EU directive may make it harder for PM to rein in the right

Hawkish cabinet members say move to discourage projects over the Green Line demonstrates futility of Israeli efforts to resume peace talks

Haviv Rettig Gur is The Times of Israel's senior analyst.

Jewish Home leader Naftali Bennett with Prime Minister Benjamin Netanyahu in the Knesset, April 22, 2013 (Miriam Alster/Flash90)
Jewish Home leader Naftali Bennett with Prime Minister Benjamin Netanyahu in the Knesset, April 22, 2013 (Miriam Alster/Flash90)

In the wake of new European Union rules conditioning cooperation with Israel on Israel’s acknowledgement that it does not have rights to any lands it holds beyond the Green Line, Prime Minister Benjamin Netanyahu may find it more difficult to keep the most right-wing elements of his coalition committed to the government’s pursuit of the negotiations track.

The EU decision’s impact on the right and on the Palestinians has senior government officials worried. In a meeting Wednesday with EU peace envoy Andreas Reinicke, Justice Minister Tzipi Livni, who is responsible for coordinating the government’s negotiations efforts with the Palestinians, urged the EU to freeze the directive.

“Under the current circumstances, when we are in the middle of contacts to reopen negotiations, it’s important that the Europeans allow Israel and the Palestinians to set their borders in negotiations rather than to establish them in unilateral decision from the [European] Union,” Livni told Reinicke. Refraining from the move would help jumpstart negotiations, rather than stall them, she added.

“My own view is that the negotiations are pointless,” Economy and Trade Minister Naftali Bennett (Jewish Home) told The Times of Israel. “But I’m a member of a government, and have committed to not do anything that will harm the negotiations. I’ve upheld that commitment.”

Now it was the Europeans who are torpedoing those talks, Bennett said. “The Palestinians are saying, why should I go to negotiations,” since their refusal to do so will effectively ratchet up pressure on Israel.

“The EU is taking a unilateral step on Israel,” Bennett added. “If it goes down the unilateral path, it will be completely disconnected from the process. It has removed itself from the process.”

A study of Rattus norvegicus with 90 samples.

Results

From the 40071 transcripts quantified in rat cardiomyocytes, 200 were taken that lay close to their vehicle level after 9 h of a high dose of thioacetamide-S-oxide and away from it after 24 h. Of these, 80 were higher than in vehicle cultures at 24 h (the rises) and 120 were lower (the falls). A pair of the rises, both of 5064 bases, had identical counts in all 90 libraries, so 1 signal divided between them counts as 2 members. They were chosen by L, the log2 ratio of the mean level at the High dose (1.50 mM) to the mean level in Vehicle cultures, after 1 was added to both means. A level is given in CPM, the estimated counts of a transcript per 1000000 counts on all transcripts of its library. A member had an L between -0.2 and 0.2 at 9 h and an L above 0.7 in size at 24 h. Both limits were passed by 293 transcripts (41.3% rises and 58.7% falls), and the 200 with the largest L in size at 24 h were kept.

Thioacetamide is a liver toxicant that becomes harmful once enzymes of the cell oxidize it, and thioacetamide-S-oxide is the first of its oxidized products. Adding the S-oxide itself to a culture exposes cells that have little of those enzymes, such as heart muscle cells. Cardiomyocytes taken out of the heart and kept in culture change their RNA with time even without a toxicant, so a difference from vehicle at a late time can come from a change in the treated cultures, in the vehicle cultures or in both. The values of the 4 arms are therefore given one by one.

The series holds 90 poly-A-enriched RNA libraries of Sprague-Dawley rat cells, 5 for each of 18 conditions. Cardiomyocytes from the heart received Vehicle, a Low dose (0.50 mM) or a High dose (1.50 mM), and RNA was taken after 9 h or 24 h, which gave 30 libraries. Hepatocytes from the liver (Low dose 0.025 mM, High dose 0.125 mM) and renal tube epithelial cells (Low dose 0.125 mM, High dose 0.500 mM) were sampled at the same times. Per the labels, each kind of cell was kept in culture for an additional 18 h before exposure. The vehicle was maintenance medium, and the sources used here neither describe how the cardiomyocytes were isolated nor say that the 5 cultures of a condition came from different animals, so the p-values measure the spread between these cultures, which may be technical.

“Until today, on the right flank of the coalition and cabinet, there was a willingness to take the path [offered by US Secretary of State John Kerry] to enable the prime minister to make goodwill concessions toward the Palestinians,” noted Deputy Foreign Minister Ze’ev Elkin (Likud). “The argument was that we need to take these measures to make sure international pressure wouldn’t come down on us,” but rather would be on the Palestinians to reenter peace talks.

“If there will be this sort of pressure on us regardless, and the Europeans are going to go down this road that they’ve chosen, there’s no reason for us to offer any concessions to the Palestinians,” he said.

Some ministers, including Elkin and Housing Minister Uri Ariel, suggested the European Union did not clearly understand what it was doing, and that the new directive could cause cause accidental damage to negotiations.

“They just don’t know the material,” charged Ariel. Standing in the David’s Citadel fortress in Jerusalem’s Old City Wednesday night before a speech to the Maccabiah sports competition gala event, he pointed to the surrounding medieval walls and noted, “for the Europeans, the problem is here, right here,” and not merely in far-flung settlements in the West Bank.

“It’s inconceivable that the same people who can’t define Hezbollah as a terror group — that even after we say we’re ready for negotiations, they drop this bombshell,” Ariel added.

“We’re talking to the Europeans in an attempt to tell them this is a very, very dramatic change in the rules of the game,” Elkin said. “The Europeans can decide where to put their money. That’s their right. But now the Europeans are going to do something they haven’t done before: They’re trying to tell us where Israeli money will go. But the State of Israel can’t be told where to put its money.”

That’s no mere political rhetoric, he said. “It can’t do it from a legal perspective. [The State of Israel] can’t tell the Hebrew University, which is in sovereign Israeli territory, that it can’t apply for a joint grant while Tel Aviv University can. That’s a completely impossible situation.”

Reached for comment on the concerns, an EU official in Israel reiterated the EU’s attempts in recent days to calm the political firestorm that the decision has caused in Israel.

“This has been the situation for years,” the official said. “I’m always surprised at how surprised Israelis are to discover that the international community does not recognize Jerusalem as Israel’s capital.”

Was there concern that the timing of the decision could push the Israeli right and the Palestinians further from the negotiating table?

“You’ll have to speak to the Palestinians about how they see the decision. And you’ll have to speak to Israel about how it sees the decision.”

According to Elkin, the most immediate, and probably most dramatic fallout from the decision could be Israel’s participation in the €80 billion Horizon 2020 research program, to which Israel is set to contribute some €600 million over the coming six years.

“The practical significance of what’s happening is that the Europeans are telling us there won’t be cooperation in research and development,” he said.